Lets Go Perch Fishing Lets Go Perch Fishing
By Dave Adams

Forget all those pretty stories and articles about beautiful sunsets while gently releasing fish. This column is about catching fish - lots of them. And doing what comes naturally to the human species - filling that void in our belly with some fine tasting Lake Erie perch fillets.

Most anglers - including me - get darn right upset if we don't catch fish. And come to think about, most of us like to catch fish because they taste good when we eat them. And if we don't catch fish when we go fishing, we get downright grumpy. And a hungry grumpy angler looking at an over-priced twice-frozen hunk of old fish at the grocery store is not a pretty sight.

If you're hungry for fish, go perch fishing on Lake Erie because this tasty fish is now the big news on Lake Erie. And for good reason - the upsurge of the perch population and hot bite during June has many anglers switching alliances from walleye to perch.

"Within the past two or three years, perch have made quite a comeback," says charter captain, Jim Dietz of Jaw Jabber Charters (724-789-7699). "Once you find the perch expect to limit out in about an hour and half and many of those perch fish are up to 14 inch."

According to Pennsylvania Fish & Boat Commission fisheries biologist, Chuck Murray that trend is continuing. "Good hatches during 1996 and 1998 will provide excellent fishing this year," says Murray. "And an excellent 2001 hatch will provide good fishing for the next few years."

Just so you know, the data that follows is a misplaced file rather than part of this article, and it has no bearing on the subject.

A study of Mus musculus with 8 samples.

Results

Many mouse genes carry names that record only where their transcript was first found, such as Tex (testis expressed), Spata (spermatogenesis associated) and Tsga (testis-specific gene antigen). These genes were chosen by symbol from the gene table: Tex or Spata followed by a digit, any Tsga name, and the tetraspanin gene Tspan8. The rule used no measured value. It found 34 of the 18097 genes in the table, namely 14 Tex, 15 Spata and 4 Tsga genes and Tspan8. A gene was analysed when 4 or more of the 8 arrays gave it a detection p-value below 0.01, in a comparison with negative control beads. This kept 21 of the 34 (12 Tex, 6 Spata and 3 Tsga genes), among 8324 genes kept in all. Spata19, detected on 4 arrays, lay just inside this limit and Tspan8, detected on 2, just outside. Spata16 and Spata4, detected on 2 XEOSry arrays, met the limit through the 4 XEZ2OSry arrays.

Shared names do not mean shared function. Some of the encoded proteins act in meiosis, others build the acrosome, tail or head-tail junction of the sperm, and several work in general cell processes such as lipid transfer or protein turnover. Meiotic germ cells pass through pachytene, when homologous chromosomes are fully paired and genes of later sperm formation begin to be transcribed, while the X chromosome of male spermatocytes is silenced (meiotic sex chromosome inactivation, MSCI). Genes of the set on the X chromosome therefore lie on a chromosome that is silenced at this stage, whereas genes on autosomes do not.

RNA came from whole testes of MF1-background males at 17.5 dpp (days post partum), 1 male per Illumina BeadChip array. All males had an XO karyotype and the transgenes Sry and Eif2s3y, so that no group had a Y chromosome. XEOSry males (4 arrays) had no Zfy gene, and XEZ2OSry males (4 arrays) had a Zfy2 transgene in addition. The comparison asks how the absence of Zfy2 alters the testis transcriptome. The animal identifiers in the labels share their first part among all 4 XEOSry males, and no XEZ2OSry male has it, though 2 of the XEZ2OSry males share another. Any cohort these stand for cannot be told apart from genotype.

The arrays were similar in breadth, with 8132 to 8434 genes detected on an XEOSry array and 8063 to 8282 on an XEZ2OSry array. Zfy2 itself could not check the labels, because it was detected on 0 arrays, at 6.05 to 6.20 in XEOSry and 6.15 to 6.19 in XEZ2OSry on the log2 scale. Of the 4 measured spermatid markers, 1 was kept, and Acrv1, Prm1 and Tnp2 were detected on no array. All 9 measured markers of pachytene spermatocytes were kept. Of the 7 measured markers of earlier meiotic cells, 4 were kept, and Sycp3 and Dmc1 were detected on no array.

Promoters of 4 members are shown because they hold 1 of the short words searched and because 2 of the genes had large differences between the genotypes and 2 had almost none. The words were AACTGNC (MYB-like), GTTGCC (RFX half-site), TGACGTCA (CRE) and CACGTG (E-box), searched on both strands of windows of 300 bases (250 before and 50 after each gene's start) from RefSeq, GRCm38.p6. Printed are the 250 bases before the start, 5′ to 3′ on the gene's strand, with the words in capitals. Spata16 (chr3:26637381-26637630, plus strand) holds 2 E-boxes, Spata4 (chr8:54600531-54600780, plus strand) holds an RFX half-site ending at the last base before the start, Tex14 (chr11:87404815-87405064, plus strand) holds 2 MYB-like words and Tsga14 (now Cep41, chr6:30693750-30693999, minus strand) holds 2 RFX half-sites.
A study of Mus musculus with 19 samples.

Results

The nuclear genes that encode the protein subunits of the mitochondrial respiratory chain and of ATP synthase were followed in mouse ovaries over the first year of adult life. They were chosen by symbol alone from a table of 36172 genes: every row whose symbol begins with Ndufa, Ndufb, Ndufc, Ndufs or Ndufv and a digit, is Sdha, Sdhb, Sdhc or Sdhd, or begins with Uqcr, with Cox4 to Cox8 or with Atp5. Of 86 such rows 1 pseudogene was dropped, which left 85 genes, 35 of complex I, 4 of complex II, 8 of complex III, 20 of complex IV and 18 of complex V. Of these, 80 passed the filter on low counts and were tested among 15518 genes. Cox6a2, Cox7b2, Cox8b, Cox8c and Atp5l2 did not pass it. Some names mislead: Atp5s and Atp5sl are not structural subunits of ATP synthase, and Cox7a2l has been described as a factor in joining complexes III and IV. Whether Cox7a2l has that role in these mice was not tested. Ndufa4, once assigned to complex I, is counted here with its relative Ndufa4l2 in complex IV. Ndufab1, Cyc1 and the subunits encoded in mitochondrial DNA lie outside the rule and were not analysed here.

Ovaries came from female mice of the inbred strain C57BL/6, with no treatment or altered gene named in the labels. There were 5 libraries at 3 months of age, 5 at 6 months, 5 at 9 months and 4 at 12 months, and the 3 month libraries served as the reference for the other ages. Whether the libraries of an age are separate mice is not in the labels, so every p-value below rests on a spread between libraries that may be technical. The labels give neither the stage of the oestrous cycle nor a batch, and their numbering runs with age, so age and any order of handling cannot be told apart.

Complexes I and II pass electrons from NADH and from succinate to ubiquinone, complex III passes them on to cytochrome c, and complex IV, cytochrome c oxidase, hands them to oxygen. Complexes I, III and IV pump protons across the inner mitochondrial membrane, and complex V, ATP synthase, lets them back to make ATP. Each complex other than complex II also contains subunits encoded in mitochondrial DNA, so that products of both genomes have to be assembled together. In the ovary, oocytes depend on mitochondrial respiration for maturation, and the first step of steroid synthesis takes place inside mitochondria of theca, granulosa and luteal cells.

In the Review of the Lake Erie and Presque Bay yellow perch sport angling fisheries report (1997 - 2001) report annual estimates of Lake Erie perch stock size (age 2 and older in Pennsylvania waters) have averaged 1.2 million fish during the period of 1996-2000. That's a lot of perch fillets! Most surprising, the same reports states that the average number of perch caught by anglers during that same period was only 50,170.

They are there, now let's catch them.

Lake Erie perch aren’t known for their intelligence or elusiveness. They are, however, known for their appetite for minnows (dead or alive). During early June, perch will begin filing the angler's cooler by being caught near the channel entrance. Soon after, according to Dietz, target the 35 to 42 foot depths just off the point. Between mid-June and continuing till the end of the month the perch will start spreading out. "As the month progresses you can still hang around the point, but move to the 42 to 60 foot depths," says Dietz. "If you don't catch a fish in 15 minutes - move."

Use a medium action rod, non-stretch line such as Spider Wire of Fireline, three-way swivel, 12 pound test fluorocarbon leader, two ounce weight, and size six or eight hook. The non-stretch line, which is used to detect the light strike of perch, is attached one of the eyes of the three-way swivel. Tie on a five foot fluorocarbon leader and hook to the other eye. Finally, attach 18 inches of line to the remaining eye and tie on the weight. Note: heavy weight is used to ensure that the bait reaches the bottom with the least of amount line and prevent bowing of line.

The type of minnow used is important. "Make sure you use the Lake Erie (emerald) shiner," says Dietz. "I have soaked other minnows such as the fathead all day and not caught a fish." Also, for a more natural presentation, hook the minnow through the nose, Dietz says.

Bring your cooler, fillet knife, and access Presque Isle Bay by taking I-79 north to the Presque Isle exit. Follow Route 832 into the park. Turn right at the first road past the administration building. The West Pier Boat Launch is 1/2 mile on the left. The minimum size on perch is eight inch, with a limit of 20. There is no limit on fun and good eating - enjoy.